Shuttle Columbia (STS-107) and Corruption in NASA:
The space shuttle Columbia was first put into use on April 12, 1981. It was used for a total of 28 missions. On its final mission, on February 1, 2003, Columbia exploded into thousands of pieces during atmospheric re-entry. The entire crew of seven was lost, one of the worst disasters NASA has had in its history. See above for crew listing.
STS-107 was scheduled to be a sixteen-day mission, where the crew would research physical, life, and space sciences in approximately 80 experiments.
For more than a month after the destruction of Columbia, ground search teams have scrounged the southern United States to find debris. Additionally, search aircraft have scanned the area for pieces of Columbia's orbiter. As an added precaution, the Navy has led dive teams in searching lakes and reservoirs, especially in Texas, where the debris was most concentrated.
By March 4, 2003, a total of 22,563 pieces of debris were found, and 16,063 of those have been identified. The debris weighs approximately 32,100 pounds total, which is about 13.7% of the original weight of the orbiter.
The retired Admiral Harold W. Gehman, Jr. is the head of the Gehman board, a panel set up to investigate the possibilities of what exactly occurred on the fateful Columbia mission. The panel charter dictates that there will be no individual on whom the responsibility will fall. The panel is using a system somewhat like the "storyboards" cartoonists and moviemakers use to show what happened and when. Also, the panel uses an approach called the system of "unknown unknowns", where possibilities are calculated and verified or dismissed.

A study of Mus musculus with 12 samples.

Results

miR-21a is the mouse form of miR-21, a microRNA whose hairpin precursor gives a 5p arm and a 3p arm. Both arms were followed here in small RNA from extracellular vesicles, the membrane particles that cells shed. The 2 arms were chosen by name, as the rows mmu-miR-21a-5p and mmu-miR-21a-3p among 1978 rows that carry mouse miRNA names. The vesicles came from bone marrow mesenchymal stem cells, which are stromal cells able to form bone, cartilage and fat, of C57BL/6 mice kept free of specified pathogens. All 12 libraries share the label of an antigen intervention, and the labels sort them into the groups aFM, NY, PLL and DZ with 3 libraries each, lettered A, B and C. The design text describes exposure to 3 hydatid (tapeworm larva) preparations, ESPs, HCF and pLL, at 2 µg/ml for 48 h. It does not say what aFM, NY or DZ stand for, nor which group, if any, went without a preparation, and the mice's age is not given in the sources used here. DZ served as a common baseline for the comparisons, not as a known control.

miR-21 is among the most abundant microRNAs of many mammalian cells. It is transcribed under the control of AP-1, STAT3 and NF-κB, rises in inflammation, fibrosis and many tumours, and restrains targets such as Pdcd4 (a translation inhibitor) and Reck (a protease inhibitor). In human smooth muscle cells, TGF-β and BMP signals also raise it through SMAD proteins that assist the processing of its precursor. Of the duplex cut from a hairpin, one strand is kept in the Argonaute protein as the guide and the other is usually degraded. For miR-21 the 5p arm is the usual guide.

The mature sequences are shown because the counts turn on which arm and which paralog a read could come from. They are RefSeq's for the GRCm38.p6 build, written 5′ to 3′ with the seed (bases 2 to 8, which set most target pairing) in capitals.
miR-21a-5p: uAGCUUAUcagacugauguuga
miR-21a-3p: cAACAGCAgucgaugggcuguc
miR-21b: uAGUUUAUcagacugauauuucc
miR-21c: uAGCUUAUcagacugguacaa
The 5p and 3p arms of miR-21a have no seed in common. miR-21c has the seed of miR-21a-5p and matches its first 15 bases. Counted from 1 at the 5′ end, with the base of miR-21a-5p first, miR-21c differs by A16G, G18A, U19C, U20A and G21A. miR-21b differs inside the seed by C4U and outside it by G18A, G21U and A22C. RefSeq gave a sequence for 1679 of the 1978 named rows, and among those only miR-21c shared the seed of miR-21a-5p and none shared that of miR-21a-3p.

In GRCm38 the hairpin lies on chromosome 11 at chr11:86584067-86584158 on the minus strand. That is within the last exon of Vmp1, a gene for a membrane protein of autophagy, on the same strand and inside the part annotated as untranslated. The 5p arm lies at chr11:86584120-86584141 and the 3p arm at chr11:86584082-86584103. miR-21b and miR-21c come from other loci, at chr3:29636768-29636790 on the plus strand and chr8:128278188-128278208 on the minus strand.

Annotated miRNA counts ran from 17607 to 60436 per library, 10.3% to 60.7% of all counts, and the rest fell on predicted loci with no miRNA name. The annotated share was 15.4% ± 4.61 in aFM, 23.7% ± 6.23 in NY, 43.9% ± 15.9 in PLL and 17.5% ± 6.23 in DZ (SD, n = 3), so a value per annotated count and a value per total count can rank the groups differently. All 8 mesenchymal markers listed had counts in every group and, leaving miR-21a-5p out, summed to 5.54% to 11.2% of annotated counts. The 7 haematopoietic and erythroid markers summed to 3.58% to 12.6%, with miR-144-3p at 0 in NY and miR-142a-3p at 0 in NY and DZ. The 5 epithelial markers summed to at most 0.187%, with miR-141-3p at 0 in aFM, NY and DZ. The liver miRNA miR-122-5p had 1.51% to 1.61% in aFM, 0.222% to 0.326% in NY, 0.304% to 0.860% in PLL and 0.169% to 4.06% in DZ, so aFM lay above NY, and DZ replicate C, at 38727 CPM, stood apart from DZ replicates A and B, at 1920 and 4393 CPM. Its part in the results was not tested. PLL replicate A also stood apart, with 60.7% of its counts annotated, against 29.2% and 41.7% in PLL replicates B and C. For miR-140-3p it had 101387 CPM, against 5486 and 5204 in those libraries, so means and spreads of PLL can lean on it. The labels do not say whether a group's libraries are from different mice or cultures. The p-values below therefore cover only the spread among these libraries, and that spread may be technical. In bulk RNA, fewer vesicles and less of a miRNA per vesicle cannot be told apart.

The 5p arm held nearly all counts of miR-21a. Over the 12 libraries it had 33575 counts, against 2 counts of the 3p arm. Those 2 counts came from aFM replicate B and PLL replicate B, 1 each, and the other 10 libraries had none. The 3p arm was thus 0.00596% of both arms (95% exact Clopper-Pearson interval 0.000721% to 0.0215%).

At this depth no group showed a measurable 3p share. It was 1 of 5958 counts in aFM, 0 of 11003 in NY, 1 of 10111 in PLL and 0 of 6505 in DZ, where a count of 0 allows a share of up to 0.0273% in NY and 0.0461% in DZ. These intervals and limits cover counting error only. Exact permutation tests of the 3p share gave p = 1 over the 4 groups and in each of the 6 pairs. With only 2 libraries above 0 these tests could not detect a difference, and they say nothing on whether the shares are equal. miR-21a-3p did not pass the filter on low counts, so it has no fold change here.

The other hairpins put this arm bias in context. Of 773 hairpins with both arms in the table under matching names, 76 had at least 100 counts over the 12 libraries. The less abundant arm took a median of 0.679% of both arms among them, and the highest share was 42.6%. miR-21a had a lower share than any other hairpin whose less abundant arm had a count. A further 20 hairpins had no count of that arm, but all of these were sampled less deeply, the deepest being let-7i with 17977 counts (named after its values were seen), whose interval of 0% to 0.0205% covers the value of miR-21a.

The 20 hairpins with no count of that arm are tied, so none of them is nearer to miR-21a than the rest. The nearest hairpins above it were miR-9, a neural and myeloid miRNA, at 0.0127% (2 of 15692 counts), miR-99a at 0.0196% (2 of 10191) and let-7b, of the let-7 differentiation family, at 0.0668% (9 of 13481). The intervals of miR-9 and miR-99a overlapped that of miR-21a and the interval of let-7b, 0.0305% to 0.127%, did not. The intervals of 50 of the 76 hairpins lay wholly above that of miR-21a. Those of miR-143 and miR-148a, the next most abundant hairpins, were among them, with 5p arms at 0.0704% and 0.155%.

The specific findings of the panel have been kept secret for the most part, but many issues have been raised during the investigation.
In late January of 2003, three distinct groups of NASA engineers sent emails to their supervisors expressing their concern that there was damage on the left wing of Columbia due to debris during lift off. These warnings were largely ignored, not followed-up, and supposedly "in order to allow maximum output", the crew of STS-107 was not notified of these concerns.
Since the publication of these events, many issues have been raised about the integrity of NASA. Multiple Congressional representatives have expressed their discontent at the small response of NASA to these warnings.
In 1986, Challenger exploded during lift-off because direct warnings were ignored regarding O-ring seal flaws. NASA said afterwards that it would allow a "free flow of ideas", where any employee could make suggestions with an acceptable response. Ron Dittemore, the space shuttle program manager, claims that NASA "encourages employee debate". However, some say differently.
Lynda Bottos was formerly an accident investigator for the United Space Alliance, an affiliate of NASA. In August 2001, a group of technicians accidentally broke open a fuel tank, releasing mono-methyl hydrazine, a toxic gas, into the air. Multiple buildings around the area had to be evacuated. Bottos filed a report to NASA saying that the event should be reviewed and investigated if needed. NASA never responded, treating the report as some misfiled memo. Later, when inquiries were made, a NASA spokesperson claimed that NASA "can't confirm the incident".
In 2002, NASA's headquarters were centralized in Washington. According to Bottos and others, the new Washington NASA administration has a different decision process with a new approach. They claim that Washington is too far from the expertise... Not to say that they are "stupid", but there aren't many aerospace engineers in Washington. Also, due to budget cuts, many of the more experienced NASA employees have left NASA, and those who stayed have less of an incentive to do good work.
Many feel that NASA has reached the time for a revamp and a reconsideration of its values if it wishes to survive in the new millenium.
1. "Space Agency Culture Comes Under Scrutiny" by John Schwartz and Matthew L. Wald of the New York Times (March 29, 2003).